Three of the five police gunshots that struck Babak Saidi outside the Morrisburg OPP detachment on Dec. 23, 2017, were potentially fatal wounds, a forensic pathologist testified Friday at the inquest into his death.
Two of those bullets punctured his lungs and major blood vessels and each, alone, would cause rapid death, Dr. Charis Kepron testified. The third wound, which also punctured a lung, would have been fatal without prompt medical aid.
“Any of these three (shots) could have caused death and certainly all three together could have caused rapid death due to blood loss,” Kepron told the inquest.
Saidi, 43, died after he scuffled with two OPP officers who were trying to arrest him on outstanding assault charge when Saidi appeared at the detachment for a regular weekly check-in.
When the officers told Saidi, who was already flagged as a violent, high-risk offender, that he was under arrest, he tried to leave, saying he had to tell his father, who was waiting outside. The officers chased him and Saidi was shot in the ensuing scuffle after police said he tried to reach for one of the officer’s guns.
Kepron described how Saidi’s body arrived at the Ottawa Hospital for the autopsy. He was wearing blue jeans, a green shirt and a blue and white sweater. She found a religious medal around his neck. In the pocket of his jacket was a notebook and pen, and $30 cash. His was still wearing the silver handcuffs police clamped on him after he was shot.
Two of the gunshot wounds were minor: one a soft-tissue wound on his left thigh, and another that entered the back of his right shoulder and exited out the arm.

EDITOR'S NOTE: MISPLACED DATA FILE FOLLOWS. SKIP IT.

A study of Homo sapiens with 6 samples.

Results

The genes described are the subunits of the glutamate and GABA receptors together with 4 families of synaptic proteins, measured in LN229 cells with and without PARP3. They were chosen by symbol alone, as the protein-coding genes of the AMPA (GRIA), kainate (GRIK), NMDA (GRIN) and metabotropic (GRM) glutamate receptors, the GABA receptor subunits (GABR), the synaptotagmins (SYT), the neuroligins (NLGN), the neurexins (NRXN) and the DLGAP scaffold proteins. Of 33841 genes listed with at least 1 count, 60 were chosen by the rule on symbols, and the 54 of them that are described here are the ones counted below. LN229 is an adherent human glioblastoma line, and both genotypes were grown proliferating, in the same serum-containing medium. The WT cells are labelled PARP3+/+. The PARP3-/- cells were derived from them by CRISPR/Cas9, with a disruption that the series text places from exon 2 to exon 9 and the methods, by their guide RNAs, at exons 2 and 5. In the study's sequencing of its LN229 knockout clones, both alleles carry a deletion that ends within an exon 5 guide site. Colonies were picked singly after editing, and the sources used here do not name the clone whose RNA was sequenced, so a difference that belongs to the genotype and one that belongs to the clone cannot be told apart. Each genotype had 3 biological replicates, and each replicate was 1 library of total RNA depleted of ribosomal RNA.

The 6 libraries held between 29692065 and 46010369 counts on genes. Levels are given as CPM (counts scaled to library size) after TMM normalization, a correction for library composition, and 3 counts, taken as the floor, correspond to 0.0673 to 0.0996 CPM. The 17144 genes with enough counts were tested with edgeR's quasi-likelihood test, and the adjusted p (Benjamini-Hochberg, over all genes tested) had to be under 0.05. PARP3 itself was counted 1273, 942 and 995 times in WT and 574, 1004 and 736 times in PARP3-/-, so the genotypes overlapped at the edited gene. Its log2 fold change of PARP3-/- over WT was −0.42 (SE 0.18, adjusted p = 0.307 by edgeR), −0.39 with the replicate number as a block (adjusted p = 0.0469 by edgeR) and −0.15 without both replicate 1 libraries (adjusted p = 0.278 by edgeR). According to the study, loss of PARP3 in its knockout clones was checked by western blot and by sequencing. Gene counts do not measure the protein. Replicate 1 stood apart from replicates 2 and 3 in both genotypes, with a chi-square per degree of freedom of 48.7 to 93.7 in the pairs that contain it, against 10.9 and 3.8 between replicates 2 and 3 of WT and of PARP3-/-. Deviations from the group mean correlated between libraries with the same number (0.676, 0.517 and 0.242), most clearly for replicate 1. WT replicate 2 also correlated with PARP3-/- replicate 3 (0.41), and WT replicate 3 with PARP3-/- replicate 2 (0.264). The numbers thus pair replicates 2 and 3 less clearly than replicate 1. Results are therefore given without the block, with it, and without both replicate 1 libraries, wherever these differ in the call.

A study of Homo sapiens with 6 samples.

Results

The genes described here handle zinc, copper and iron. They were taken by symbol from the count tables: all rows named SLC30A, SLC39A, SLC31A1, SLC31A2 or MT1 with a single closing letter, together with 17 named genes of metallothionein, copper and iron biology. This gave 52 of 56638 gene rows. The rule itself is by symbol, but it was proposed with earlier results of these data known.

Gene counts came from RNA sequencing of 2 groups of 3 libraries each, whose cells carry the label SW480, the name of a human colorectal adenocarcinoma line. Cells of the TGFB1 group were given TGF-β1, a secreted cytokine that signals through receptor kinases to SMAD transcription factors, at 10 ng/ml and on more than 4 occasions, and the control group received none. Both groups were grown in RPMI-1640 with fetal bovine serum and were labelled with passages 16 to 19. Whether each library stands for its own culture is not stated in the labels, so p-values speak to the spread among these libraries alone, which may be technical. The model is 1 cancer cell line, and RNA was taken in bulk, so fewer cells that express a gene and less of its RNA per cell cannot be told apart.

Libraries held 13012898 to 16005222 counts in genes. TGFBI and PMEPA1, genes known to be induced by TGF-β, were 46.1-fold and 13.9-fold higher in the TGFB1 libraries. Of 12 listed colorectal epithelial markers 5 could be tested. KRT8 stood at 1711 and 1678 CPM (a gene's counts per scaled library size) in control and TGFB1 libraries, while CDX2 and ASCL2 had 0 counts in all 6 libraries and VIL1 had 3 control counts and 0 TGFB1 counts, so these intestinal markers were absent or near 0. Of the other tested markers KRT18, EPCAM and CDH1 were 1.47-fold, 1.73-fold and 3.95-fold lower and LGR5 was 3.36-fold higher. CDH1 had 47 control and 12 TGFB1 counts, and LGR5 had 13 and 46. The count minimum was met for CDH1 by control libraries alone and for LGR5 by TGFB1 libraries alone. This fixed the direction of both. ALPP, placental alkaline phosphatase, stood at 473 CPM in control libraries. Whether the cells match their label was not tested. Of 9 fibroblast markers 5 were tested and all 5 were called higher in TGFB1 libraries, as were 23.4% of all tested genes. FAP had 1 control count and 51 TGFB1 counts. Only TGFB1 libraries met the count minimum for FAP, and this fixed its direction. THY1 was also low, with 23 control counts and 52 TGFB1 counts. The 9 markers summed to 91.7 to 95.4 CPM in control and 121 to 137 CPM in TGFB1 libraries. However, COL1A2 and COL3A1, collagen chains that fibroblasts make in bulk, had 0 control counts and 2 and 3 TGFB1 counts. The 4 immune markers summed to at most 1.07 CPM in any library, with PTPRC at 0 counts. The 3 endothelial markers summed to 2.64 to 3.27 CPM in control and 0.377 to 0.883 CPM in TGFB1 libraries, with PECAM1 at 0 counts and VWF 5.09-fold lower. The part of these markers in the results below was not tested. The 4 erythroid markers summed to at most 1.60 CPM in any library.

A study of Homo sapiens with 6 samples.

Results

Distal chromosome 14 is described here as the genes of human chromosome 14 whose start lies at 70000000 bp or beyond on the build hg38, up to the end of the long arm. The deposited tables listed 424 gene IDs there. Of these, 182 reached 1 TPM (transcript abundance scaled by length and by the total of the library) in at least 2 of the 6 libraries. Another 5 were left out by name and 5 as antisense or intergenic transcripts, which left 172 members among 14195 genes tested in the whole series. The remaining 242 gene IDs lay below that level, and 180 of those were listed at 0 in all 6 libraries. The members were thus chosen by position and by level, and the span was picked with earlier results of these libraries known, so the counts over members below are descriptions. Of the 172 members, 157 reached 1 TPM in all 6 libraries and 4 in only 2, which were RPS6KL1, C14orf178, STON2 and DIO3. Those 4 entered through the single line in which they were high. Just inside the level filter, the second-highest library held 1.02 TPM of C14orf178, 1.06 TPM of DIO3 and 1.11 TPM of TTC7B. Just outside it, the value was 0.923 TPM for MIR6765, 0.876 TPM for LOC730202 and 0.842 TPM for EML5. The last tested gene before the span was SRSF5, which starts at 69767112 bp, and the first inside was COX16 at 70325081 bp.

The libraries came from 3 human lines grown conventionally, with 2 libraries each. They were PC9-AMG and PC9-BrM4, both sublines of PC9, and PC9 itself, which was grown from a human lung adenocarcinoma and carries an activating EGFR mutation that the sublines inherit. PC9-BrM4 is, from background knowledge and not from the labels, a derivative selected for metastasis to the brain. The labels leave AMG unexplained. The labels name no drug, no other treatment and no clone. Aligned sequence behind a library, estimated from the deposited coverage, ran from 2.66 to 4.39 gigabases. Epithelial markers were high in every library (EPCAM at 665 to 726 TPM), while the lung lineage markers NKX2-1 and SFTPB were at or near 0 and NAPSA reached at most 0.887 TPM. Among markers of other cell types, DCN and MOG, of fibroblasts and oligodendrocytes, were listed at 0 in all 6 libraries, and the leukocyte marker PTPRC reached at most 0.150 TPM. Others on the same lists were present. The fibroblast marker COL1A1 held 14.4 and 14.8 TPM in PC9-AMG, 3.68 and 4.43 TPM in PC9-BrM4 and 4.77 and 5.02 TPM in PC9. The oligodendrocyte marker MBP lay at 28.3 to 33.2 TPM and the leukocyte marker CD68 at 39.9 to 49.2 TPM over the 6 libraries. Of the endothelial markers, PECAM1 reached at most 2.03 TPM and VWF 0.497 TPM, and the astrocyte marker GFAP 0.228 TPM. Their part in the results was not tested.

The three fatal shots were also all in his back, though Kepron testified she couldn’t tell in what order they had been fired or from what range.
One entered the upper right side of Saidi’s back, penetrating his left lung before lodging in his left chest. She measured about 350 millilitres of blood in his lung — “a little bit less than a standard pop can,” she said.
The second fatal shot entered at the back of his upper right shoulder, punctured his right lung, and severed his esophagus and the aorta, the main artery carrying blood to his heart.
The third fatal shot, also into his right back, penetrated his right lung and struck the pulmonary trunk, part of his heart.
Saidi’s body also exhibited signs of “blunt force trauma” — various scrapes and bruises that Kepron said had occurred some time within a few hours of his death, but didn’t contribute to it.
“Based on the historical information and the postmortem findings, death is attributed to gunshot wounds to the right shoulder and right side of the back,” Kepron wrote in her report.
Saidi was born in Tehran and immigrated to Canada with his family in 1985. The family lived in Brockville, where Saidi struggled both socially and in school. He suffered from drug addiction and mental health issues and had frequent trouble with police.
Also testifying Friday was OPP Sgt. Charlene Davidson, who told of the difficulties police have when dealing with people with mental health issues. Davidson was platoon commander and on her way to the detachment that day but wasn’t there during the fatal shooting.
Davidson said it was “very, very common” for police officers to deal with people with mental health problems.
“When I started policing in 1994, things were very different,” she said. “There was, in my opinion, a lot more access for people who needed psychological care or were suffering from mental illness. When we had the ability to take people to a psychiatric facility to get treatment, in my opinion it was much more beneficial to the community,” she said.
“In my reality in police work, we do not have enough resources for mentally ill people. I know this is outside the scope of this inquest, but that’s where I feel the recommendations could lie that will make a real difference in getting to the root cause of where we’re at today.”
The inquest resumes Monday before presiding coroner, Dr. Bob Reddoch.